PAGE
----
Crankbaits and River Walleye
By Sheldon Meidinger

On many river systems, the best cranking locations might not be the best places to vertical jig and vice versa. We can talk about crankbaits having a place as far as vibration in the water, color, easy to find profile and all the other reasons walleye will hit a crankbait early in the year…. The fact remains that there are obviously stretches of river that is ideal for trolling crankbaits and places where crankbaits are less effective.
Trolling for Walleye When I am looking for good locations to troll crankbaits early in the season on the Missouri River near Bismarck North Dakota, there are a few things that can make stretches ideal for trolling crankbaits. First off, most of the fish we catch early in the season are shallow. The biggest fish often come off planer boards run up into a few feet of water. Every river system is different however in the sense that in some places, all of the action might take place in the main channel with heavy three way rigs where sauger might be the hottest game around. Regardless of whether or not the patterns are up shallow or in the channel, crankbaits excel whenever you get that water that is just basically too fast to slip a jig downstream. Year in and year out, the best locations for our crankbait trolling generally involve long sandbars and shorelines where we have time to let line out and the general "roll" of the contour stays consistent enough where we can troll a significant distance effectively. Obviously the larger this area is the better for trolling crankbaits but large spots can sometimes turn into community spots.
Across the country, I would be willing to bet that most of the trolling applications on rivers right now are using some kind of super line like Fireline. The reason is simple. Besides walleye runs and moving water, one shared element all rivers have right now is debris in the water that can foul your hooks or line. If a no stretch line is being used, choosing the right action on a rod is paramount in my opinion. Early in the year, fish often get just enough of the lure to get nicked by a single hook. When bringing these fish back to the boat that aren’t hooked exceptionally well through the current, there can be some serious tension on that tiny piece of flesh on a walleye’s gaping jaw.
We like a somewhat moderate action blank with a soft enough tip to offer some cushion yet enough backbone to handle larger deep diving baits or quickly ski in smaller fish when we have to. Rods that fit this bill are the Jason Mitchell Guide Series Trolling Rods. These rods have an interesting feature in the fact that the handle behind the reel seat is much shorter than traditional trolling rods. The reason is that we often have the rods pointed in angles that are horizontal to the water when using rod holders. The shorter handles eliminate a long piece of cork or foam jabbing you in the ribs every time you move around in the boat or worst yet, rubbing against seats. From a fish catching standpoint when fish are just starting to hit crankbaits and are just "barely" hanging on, much less goes wrong while bringing the rod out of the rod holder with this particular design of rod.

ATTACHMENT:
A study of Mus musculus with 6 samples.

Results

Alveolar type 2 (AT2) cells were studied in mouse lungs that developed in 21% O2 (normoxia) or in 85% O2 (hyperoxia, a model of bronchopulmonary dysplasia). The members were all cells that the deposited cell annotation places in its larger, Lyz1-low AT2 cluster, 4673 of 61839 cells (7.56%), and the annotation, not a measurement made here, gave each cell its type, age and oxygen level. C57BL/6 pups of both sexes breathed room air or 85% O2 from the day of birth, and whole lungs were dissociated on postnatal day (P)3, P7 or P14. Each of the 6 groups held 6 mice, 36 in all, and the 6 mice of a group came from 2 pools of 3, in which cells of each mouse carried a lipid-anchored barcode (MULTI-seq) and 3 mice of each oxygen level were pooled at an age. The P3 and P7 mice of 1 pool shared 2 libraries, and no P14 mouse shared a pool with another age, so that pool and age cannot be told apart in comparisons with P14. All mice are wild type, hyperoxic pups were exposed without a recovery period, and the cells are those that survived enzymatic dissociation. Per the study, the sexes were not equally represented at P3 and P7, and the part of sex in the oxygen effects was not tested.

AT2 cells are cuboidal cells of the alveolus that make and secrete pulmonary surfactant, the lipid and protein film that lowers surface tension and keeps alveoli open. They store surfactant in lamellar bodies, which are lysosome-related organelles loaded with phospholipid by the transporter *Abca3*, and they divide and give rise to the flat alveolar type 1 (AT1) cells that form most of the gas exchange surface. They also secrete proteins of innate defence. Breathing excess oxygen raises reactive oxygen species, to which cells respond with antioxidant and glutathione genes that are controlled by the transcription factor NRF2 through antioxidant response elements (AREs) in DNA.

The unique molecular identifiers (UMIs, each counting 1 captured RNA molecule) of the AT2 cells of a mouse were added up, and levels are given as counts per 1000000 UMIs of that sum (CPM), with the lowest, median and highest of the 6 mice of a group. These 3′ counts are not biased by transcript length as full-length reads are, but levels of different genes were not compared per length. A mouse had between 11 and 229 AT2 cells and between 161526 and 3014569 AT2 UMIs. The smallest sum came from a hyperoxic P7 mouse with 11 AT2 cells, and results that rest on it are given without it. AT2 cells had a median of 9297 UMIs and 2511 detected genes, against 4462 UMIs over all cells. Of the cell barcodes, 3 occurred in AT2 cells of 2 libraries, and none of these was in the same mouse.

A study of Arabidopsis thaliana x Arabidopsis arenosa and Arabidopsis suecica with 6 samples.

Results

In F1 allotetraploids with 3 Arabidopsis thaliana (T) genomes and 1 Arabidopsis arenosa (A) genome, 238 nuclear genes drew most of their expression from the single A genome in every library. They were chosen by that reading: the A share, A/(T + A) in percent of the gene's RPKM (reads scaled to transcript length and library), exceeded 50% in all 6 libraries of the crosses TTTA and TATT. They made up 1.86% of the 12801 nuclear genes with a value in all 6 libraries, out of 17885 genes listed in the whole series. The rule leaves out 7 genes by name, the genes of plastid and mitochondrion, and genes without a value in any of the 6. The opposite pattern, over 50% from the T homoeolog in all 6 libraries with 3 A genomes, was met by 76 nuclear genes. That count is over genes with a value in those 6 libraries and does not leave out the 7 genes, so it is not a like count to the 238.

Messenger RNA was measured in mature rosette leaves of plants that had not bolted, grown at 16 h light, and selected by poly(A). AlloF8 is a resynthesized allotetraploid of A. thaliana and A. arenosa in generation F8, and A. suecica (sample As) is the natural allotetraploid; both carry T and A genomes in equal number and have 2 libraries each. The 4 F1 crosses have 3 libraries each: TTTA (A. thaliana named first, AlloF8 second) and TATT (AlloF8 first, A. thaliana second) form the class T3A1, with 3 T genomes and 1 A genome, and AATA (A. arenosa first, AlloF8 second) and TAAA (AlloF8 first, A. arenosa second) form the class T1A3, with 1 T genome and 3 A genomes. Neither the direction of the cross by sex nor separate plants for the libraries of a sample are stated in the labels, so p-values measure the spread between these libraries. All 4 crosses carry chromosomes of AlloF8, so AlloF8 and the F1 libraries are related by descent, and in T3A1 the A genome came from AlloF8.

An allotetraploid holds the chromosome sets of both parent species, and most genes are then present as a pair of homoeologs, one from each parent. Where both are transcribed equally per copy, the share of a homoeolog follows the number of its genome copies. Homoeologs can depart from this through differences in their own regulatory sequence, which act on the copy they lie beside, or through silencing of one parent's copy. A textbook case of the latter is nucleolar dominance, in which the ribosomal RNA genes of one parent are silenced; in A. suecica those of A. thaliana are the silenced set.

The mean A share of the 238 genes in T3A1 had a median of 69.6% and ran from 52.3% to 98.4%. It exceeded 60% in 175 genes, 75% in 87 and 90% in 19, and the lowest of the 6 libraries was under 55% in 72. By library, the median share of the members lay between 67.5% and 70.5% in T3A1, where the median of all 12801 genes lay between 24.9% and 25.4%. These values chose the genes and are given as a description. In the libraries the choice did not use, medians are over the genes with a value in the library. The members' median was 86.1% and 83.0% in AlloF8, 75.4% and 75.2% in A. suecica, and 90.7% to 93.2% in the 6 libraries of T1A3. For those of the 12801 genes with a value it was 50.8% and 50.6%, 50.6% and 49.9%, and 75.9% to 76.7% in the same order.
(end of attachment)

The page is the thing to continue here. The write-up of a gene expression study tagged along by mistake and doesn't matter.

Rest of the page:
When trolling along contours where we take advantage of planer boards to put lures in shallow water right up next to shore, we are often using a stick bait with a small bill. These baits however can be hard to read on boards when fouled up. One trick we often do when dealing with a lot of floating debris in the water is using a small piece of rubber band tied in a knot on the line ahead of the lure to pick up debris on the line. Something else we do from time to time is simply speed up to see if the lure will come to the surface fouled up. Since this is a shallow water affair where we don’t have a lot of line out in many cases, there isn’t much pull on the planer board. One thing we sometimes do with the Offshore Boards we use is put two clips on the front bracket and just clip the line on the two clips in front, skipping the back. This will cause the board to run more directly to the side of the boat even at extremely slow speeds. This advantage can really fine tune boat control in the sense that it seems like we can put the boat where we have to and visualize where the lure is behind the board much more easily when the boards are next to the boat versus behind the boat.
The myth that crankbaits don’t work for walleye when the water is cold or early in the season has come to pass in that most walleye anglers know or have heard that trolling will work early in the season. There are two scenarios where they seem to work more so, the expanses of the Great Lakes and the current of river systems. When targeting walleye on river systems, just remember that the best places for jigging and anchoring for example might be terrible locations for trolling a crankbait. Use crankbaits in locations and situations where they will likely be more effective and you will have success with walleye this spring.
Editors Note: The author, Sheldon Meidinger is a very accomplished angler on the Professional Walleye Trail with several top finishes. This article has been brought to you by Yar-Craft Boats, www.yarcraft.com and Jason Mitchell Guide Series Rods, www.jasonmitchellrods.com.